The four traffic lanes in Brussels Belliard Street – which used to have five lanes – will remain permanently. This is what several French-speaking media outlets are reporting, based on a report by the Bruzz news site.
However, the two ‘temporary’ cycle paths, which are enclosed by concrete blocks, will become permanent. Permission to do so has been applied for, just as for the redesign of the pavements.
Three-lane project postponed
In June 2019, the busy transit street, which runs parallel with the Wetstraat/Rue de la Loi and on which the European Parliament is located, was reduced by one lane to create two cycle paths separated by so-called ‘New Jersey’ blocks.
This February, work should have started to make this project permanent and even remove a second lane. But with the launch of the new Good Move traffic plan, and due to bad timing and other projects planned simultaneously, this test project was first postponed and is now apparently de facto postponed.
Wider pavements, fewer parking spaces
The project is to make the four-lane system permanent, which is currently under public inquiry, remove the blocks, and install permanent ochre-colored and elevated bicycle lanes that will be separated from motorized traffic.
In addition, the pavements will be wider and 27 parking spaces between the Etterbeekse Steenweg/Chaussée d’Etterbeek and the Oudergemlaan/Avenue d’Auderghem, in the uphill direction, will be removed. Seventeen other spaces too close to the pedestrian crossings will also be removed from the perpendicular lanes of Belliard Street.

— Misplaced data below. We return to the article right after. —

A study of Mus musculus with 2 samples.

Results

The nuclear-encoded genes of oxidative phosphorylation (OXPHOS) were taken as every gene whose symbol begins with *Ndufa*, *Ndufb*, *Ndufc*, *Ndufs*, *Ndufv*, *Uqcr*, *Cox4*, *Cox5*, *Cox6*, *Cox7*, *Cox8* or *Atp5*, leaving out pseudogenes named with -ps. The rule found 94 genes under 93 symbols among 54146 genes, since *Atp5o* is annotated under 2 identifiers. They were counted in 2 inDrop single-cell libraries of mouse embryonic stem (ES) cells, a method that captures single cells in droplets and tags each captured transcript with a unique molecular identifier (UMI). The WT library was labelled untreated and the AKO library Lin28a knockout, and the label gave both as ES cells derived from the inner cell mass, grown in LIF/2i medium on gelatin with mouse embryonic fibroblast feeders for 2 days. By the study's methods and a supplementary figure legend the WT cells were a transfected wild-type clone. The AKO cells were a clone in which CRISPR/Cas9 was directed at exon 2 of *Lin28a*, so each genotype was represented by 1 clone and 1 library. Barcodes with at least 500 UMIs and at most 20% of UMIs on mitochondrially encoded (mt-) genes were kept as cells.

Once Brussels Mobility has approved the permit, the works will kick off, probably in spring 2023. The work should last twelve months.
The cabinet of Brussels Minister of Mobility, Elke Van den Brandt (Groen), says in La Dernière Heure that the project of a possible test of three lanes in Belliard Street is not definitively buried. “Three lanes is still the objective, but in the longer term,” assures the cabinet. “Brussels is changing, but it is important to sequence the changes well and not to undertake them all at once.”